In 1865 an eleven year old boy, James Greenlees, was run over by a cart in Glasgow. He was rushed to the Royal Infirmary with a gashed leg containing a multiple fracture. The normal outcome of this kind of injury at the time was either amputation or death through infection (or sometimes both). Fortunately for Greenlees, the surgeon who treated him was Joseph Lister.
At that time doctors thought that infection or sepsis, as it was known, was caused by ‘bad air’. But Lister had studied the work of French scientist, Louis Pasteur, who had found that organisms in the air caused food to rot. Lister thought that similar organisms might cause sepsis in wounds. He had also learnt that Frederick Calvert, a Manchester chemistry professor, had discovered that carbolic acid delayed the decay of corpses. Lister reasoned that the acid might kill the organisms.
Joseph Lister dressed the wound of James Greenlees with lint dipped in carbolic acid and put splints on the broken leg. Four days later Lister removed the dressing to examine the wound. Normally he would encounter the smell of rotting flesh from a four day old wound but this time there was no infection. The wound was clean. After six weeks the bones knitted back together and Greenlees recovered.
Lister published this finding and several others in the eminent medical journal, The Lancet. He went on to recommend fundamental changes to the process of surgery through the use of sterilisation. In those days surgeons saw no need to wash their hands, tools or aprons during surgery. Lister recommended that operating theatres and staff were scrupulously clean. He developed a carbolic acid spray which could be used on patients’ wounds.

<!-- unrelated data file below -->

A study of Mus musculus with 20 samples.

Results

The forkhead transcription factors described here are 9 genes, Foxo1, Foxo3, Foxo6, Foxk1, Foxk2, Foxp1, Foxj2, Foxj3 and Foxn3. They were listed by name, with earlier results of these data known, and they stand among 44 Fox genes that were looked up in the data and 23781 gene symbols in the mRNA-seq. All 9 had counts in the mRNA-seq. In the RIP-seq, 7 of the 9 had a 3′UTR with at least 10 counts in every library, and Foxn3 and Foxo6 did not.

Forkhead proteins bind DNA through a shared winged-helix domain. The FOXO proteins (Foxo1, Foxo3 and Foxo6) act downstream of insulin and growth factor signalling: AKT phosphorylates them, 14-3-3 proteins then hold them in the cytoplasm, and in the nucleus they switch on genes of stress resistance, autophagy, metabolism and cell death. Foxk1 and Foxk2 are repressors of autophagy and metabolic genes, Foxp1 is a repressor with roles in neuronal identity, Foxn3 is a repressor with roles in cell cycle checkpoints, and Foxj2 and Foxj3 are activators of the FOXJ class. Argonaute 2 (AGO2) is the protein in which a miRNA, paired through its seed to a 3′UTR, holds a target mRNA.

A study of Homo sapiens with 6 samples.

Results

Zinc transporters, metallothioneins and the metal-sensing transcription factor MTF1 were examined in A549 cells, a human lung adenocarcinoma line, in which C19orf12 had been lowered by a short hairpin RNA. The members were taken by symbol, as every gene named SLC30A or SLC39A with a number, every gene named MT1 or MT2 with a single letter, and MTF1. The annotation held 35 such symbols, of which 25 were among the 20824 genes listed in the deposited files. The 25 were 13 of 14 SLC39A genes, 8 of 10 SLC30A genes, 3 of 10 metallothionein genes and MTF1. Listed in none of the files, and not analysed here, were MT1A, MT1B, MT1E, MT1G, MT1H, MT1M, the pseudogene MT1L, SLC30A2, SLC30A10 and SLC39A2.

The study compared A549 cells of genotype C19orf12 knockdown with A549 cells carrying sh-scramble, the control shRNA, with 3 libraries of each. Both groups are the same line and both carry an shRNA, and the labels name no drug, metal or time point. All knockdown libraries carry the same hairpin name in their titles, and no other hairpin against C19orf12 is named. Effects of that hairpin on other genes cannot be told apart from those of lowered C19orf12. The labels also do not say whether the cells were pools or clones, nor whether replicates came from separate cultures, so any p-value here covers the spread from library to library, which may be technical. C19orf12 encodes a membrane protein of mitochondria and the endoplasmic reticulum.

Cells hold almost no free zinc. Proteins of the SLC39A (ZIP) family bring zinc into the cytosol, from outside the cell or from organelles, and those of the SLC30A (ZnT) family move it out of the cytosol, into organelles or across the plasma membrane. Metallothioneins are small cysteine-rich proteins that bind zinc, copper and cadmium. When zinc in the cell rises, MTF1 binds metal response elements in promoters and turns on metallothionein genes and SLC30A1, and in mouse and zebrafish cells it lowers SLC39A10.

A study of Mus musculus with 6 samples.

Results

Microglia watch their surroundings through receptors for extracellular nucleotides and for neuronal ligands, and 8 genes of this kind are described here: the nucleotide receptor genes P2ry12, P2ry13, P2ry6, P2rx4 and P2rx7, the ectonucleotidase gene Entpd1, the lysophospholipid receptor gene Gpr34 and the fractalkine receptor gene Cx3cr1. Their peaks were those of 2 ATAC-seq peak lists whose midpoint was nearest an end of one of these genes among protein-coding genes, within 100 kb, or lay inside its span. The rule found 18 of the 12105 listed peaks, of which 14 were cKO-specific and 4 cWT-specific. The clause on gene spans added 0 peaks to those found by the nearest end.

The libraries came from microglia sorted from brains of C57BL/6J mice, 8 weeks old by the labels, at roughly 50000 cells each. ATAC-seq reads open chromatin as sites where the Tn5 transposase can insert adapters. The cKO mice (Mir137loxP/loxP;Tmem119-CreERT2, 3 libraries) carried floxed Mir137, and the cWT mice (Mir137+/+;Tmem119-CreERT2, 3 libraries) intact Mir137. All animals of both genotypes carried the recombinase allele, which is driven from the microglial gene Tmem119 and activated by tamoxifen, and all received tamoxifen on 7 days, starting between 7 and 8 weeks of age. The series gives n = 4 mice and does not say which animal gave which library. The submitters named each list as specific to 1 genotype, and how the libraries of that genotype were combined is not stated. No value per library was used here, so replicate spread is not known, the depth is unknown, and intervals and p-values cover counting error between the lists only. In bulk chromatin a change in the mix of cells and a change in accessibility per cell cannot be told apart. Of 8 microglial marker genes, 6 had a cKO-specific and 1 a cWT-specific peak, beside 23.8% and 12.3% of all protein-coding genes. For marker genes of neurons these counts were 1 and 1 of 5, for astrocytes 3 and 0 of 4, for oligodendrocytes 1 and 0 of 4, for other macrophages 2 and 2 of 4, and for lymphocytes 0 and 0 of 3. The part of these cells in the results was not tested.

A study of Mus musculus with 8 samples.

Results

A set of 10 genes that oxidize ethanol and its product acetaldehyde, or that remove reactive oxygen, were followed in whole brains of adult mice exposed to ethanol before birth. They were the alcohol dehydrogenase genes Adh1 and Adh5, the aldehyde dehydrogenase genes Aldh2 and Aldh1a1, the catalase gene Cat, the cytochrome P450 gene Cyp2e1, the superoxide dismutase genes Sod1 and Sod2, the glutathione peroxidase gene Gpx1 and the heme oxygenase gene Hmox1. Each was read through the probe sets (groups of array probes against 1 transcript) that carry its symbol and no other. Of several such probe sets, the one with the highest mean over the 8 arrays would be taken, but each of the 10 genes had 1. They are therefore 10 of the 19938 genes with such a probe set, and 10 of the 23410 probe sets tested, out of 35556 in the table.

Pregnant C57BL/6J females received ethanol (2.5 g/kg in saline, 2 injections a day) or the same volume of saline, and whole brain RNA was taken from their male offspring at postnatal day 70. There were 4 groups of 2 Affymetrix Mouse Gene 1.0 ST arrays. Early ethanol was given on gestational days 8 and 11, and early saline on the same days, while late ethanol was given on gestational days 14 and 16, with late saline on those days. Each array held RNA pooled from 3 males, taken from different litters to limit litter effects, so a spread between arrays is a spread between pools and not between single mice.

Although there was initial resistance from doctors, Lister’s recommendations were gradually adopted throughout Britain and the world. Sterilisation of surgical instruments became standard practice and this led to a vast reduction in post-operative infections. Countless lives were saved.
Insights for Innovators
Read widely in your subject area. Find out what other leading researchers and thinkers in your field are doing and see if you can build on their ideas to develop your own innovations. Lister’s reading of the work of Pasteur and Calvert led to his deduction that carbolic acid could prevent infections.
Try it out. Lister did not just theorise about the use of antiseptic methods. He tried them on James Greenlees and many others. The data from these cases helped prove his argument and convince the medical authorities to take notice.
Today’s common practice will be replaced by something better. We are horrified to think of doctors not washing their hands, clothes or instruments between operations but that was standard practice until Lister challenged it.
Based on a chapter in Think like an Innovator by Paul Sloane published by Pearson.